By Kaushik Roy–

    Forty-three years ago, Shanti was founded on the principle that every person deserves compassion, connection, and human dignity. From our earliest days, Shanti called on the community to join in being the “difference between zero and one”: the difference between having one person by your side through life’s most difficult challenges or facing those challenges alone. As the landscape of our city changes, we remain at the forefront of ensuring that our most vulnerable neighbors are not forgotten in the process.

    In the beginning, Shanti emerged from the halls of the UCSF cancer ward to become one of the world’s very first community based organizations helping to support those diagnosed with HIV/AIDS during the nightmarish early days of the epidemic. In 2001, we increased services to include women diagnosed with breast cancer, and in 2015 we expanded that program to serve women facing any cancer diagnosis. Two years ago, we felt fortunate to welcome into the Shanti family, our long-time community partner Pets Are Wonderful Support (PAWS), whose mission is to ensure that no person has to make the decision between caring for their pet or caring for themselves. 

    Thanks to the efforts of San Francisco’s LGBT Aging Policy Task Force and the Department of Aging and Adult Services, Shanti’s newest program—the LGBT Aging and Abilities Support Network (LAASN)—launched earlier this year. Designed to ensure that LGBT seniors and adults with disabilities receive a sustained network of care, LAASN uses the Shanti model of Peer Support, Care Navigation, and supportive programming to currently serve nearly 150 clients in its inaugural year.

    Although the times we live in may feel particularly difficult, for the past 43 years Shanti has endured as a steady presence of compassion and hope. Today, we serve more than 2,200 clients and more than 700 companion animals. There is indeed much to celebrate! We invite you to join us in celebration: whether it’s on September 28 at Compassion is Universal, as a peer support volunteer, or as a member of our vibrant city extending a hand to those in need. Together, we continue to carve the path towards a more compassionate future for everyone.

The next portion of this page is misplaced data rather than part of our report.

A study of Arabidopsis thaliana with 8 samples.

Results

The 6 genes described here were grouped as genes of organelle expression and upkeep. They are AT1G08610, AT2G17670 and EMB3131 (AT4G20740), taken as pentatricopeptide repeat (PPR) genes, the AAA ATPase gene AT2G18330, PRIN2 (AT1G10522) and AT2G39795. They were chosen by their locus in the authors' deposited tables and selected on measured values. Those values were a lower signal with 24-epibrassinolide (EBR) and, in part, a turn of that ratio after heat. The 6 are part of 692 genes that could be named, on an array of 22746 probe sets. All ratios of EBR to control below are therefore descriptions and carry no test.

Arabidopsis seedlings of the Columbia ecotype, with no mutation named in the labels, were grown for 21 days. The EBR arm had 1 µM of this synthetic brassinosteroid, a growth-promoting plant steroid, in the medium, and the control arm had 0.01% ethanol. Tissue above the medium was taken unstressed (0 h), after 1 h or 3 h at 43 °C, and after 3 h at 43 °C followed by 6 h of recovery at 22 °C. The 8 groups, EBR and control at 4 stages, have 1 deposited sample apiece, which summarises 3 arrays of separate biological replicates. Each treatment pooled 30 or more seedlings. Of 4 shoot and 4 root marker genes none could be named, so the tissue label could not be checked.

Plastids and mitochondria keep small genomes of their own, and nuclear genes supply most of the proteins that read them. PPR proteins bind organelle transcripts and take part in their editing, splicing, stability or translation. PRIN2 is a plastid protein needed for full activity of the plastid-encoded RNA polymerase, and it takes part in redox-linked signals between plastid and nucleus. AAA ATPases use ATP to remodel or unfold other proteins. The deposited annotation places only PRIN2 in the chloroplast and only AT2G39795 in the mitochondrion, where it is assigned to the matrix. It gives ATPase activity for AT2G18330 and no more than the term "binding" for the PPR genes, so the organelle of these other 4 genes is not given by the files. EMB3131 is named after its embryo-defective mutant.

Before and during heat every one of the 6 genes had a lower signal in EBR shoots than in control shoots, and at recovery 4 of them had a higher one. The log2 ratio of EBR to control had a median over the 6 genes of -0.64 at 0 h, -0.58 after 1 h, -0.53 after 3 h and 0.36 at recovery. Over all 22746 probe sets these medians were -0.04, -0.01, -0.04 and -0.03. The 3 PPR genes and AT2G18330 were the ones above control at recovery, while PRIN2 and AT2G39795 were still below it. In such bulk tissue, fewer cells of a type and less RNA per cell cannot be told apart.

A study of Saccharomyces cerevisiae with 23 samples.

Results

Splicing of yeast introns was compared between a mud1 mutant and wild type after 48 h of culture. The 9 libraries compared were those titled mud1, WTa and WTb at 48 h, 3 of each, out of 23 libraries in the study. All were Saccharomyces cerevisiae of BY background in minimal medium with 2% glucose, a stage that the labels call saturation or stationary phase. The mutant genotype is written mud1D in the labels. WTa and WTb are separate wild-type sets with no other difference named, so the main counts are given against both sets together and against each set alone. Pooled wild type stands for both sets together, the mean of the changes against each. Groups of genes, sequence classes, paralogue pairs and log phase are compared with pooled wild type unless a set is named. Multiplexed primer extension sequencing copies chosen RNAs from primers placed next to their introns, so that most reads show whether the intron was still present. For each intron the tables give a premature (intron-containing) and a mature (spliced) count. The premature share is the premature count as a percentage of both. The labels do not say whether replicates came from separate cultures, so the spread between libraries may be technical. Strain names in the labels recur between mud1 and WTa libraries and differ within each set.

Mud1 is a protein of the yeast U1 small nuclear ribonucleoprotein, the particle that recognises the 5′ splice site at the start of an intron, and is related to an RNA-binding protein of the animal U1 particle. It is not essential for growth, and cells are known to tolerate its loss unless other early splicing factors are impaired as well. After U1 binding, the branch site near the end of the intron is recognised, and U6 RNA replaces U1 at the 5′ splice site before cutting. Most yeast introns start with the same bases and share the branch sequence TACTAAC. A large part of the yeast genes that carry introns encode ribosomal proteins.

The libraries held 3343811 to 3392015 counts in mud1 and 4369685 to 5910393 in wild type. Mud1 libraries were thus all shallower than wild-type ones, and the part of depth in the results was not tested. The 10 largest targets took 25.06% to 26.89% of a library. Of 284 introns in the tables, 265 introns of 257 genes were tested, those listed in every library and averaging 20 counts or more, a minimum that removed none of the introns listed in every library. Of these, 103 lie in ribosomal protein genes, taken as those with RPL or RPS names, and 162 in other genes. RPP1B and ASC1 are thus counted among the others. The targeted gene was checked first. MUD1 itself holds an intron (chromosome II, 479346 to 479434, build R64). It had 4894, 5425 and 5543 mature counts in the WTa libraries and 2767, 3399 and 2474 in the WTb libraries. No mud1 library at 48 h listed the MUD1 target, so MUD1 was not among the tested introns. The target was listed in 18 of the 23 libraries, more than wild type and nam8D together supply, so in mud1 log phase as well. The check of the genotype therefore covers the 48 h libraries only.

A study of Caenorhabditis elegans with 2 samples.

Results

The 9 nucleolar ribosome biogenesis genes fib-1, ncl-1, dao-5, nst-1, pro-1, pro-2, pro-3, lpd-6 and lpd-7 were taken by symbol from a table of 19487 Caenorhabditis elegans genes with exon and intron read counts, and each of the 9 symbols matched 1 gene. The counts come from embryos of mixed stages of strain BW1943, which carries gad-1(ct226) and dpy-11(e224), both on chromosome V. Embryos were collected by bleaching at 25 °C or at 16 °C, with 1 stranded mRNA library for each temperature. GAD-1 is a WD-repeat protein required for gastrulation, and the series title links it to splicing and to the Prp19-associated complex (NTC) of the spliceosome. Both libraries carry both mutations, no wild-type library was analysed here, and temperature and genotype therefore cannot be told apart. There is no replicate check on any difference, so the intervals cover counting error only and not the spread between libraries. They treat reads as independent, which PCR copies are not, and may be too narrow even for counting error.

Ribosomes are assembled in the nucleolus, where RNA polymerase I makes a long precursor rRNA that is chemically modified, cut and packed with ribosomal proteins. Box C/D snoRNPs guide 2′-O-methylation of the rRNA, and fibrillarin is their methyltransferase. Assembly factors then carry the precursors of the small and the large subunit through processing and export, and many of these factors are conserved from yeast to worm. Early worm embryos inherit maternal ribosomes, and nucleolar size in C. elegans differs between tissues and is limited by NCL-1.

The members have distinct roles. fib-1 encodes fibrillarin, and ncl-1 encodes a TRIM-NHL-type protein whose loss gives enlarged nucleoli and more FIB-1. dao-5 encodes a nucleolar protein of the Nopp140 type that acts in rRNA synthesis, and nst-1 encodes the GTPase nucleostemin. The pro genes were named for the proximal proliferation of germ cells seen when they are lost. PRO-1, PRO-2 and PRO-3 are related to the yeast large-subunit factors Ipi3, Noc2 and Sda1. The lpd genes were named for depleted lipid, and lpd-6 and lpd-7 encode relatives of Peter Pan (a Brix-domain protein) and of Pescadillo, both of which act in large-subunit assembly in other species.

Kaushik Roy is the Executive Director of Shanti.


    Shanti’s Newest Program: the LGBT Aging and Abilities Support Network (LAASN)

    “Isolation is one of the largest problems we [the aging LGBT community] face.” – Supervisor Jeff Sheehy

    This past year, with support from the Department of Aging and Adult Services, Shanti officially launched its newest program, which provides supportive services to LGBT seniors and adults with disabilities. This program is a landmark initiative, designed to meet the evolving needs of our San Francisco community.

    In October 2012, the LGBT Aging Policy Task Force was formed, created to study and better understand the unique needs of LGBT seniors in our community. A host of issues affecting the aging LGBT population were identified, including a lack of services specifically dedicated to improving emotional and behavioral health and to reducing social isolation among LGBT seniors.

    As a longstanding community champion fighting against isolation of those most vulnerable, Shanti was selected by the city to address this urgent and growing need. With a strong foundation well-versed in meeting life’s challenges through a continuum of services, the LAASN program tackles the prevalent issue of social isolation in a variety of ways.

    Clients can be matched with a peer volunteer, who provides between 2–6 hours of one-on-one emotional and practical support. Additionally, clients of the LAASN program have a care navigator on staff who helps to navigate the often complex path to accessing care. From help with everyday tasks like laundry or pet care, to keeping medical appointments and coordinating transit, Shanti is helping to weave a safety net around LGBT seniors and adults in-need, ensuring that no one in our city walks the path of life alone.